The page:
Research from business finance company Market Invoice has shown that around half of all invoices for creative industries were paid late in 2018.
In 2018, an average invoice worth £38,137 was being settled 13 days beyond payment terms leaving the industry with £1.1bn of outstanding payments due at any one time.
Of the assessment of 15,736 invoices between 2012 and 2018, larger companies were more likely (51%) to pay the creative industries later than smaller businesses (41%). One in seven (14%) took more than 14 days beyond agreed terms to pay.
Businesses that make up the creative industry are typically smaller companies that provide services to a range of sectors from TV and film to design and publishing. These smaller firms are often beholden to lengthy payment terms meaning they must wait upwards of 90 days before their invoices are paid.
Phil Dean, founder of creative agency Certain, said: “As a business that’s growing you inevitably become short of cash because you’ve got to fund that growth and clients aren’t always brilliant payers. In our world it’s not a problem doing the work, it’s actually getting paid that is the challenge.”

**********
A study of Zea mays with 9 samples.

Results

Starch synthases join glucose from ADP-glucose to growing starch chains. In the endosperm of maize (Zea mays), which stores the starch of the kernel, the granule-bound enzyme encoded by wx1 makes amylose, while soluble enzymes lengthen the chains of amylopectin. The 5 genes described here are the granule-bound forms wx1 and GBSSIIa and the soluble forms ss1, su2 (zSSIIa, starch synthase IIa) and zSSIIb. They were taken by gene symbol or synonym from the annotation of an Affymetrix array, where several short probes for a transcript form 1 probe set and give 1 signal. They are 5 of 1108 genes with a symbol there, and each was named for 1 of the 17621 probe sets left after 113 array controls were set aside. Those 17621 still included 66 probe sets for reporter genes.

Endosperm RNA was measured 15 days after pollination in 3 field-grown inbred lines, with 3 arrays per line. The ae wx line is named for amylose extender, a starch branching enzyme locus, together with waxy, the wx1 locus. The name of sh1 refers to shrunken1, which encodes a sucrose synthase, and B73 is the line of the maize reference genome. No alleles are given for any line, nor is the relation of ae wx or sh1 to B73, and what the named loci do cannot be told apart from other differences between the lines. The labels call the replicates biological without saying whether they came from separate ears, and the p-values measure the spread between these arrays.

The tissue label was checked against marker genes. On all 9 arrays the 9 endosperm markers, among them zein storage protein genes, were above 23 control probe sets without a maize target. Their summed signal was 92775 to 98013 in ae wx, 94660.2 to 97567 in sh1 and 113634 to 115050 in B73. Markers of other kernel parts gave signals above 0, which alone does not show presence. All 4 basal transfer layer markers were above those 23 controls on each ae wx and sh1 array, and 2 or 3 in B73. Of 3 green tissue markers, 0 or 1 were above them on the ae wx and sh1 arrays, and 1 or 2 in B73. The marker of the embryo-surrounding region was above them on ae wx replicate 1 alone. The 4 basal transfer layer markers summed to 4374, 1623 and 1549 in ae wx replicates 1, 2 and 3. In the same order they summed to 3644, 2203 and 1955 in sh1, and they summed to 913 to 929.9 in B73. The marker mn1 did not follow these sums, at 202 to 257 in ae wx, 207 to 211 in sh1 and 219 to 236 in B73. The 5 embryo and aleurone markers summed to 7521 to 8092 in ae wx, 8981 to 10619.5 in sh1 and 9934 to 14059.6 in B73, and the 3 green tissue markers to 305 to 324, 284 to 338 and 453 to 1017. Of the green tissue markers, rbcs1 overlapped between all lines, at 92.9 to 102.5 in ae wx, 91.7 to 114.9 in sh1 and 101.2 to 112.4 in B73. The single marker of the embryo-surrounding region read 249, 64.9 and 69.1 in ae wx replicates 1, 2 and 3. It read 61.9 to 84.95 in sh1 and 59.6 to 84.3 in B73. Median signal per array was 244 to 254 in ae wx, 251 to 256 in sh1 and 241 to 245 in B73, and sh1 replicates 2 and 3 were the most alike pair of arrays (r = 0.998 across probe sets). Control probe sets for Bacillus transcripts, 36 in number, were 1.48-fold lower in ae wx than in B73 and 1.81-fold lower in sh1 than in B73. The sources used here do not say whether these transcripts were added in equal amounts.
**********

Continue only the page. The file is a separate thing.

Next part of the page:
For the research, the creative industry was defined as businesses that support the television and film, computer games, fashion, music, arts, crafts, design, architecture, advertising and publishing sectors.
Anil Stocker, chief executive officer at Market Invoice, said: “Landing a big project in the creative industries can be a breakthrough moment for most. Being hindered by long payment terms and, worse still late payments, can really derail these young businesses. Market Invoice exists to support businesses’ cashflow. This enables companies to gear for growth, take advantage of new opportunities and fundamentally, achieve their ambitions.”
In January, Market Invoice raised £56m, intended to expand UK market presence and launch fintech-bank partnerships. This funding round was led by Barclays and fintech fund Santander InnoVentures with further participation from European venture fund Northzone, an existing investor in the company.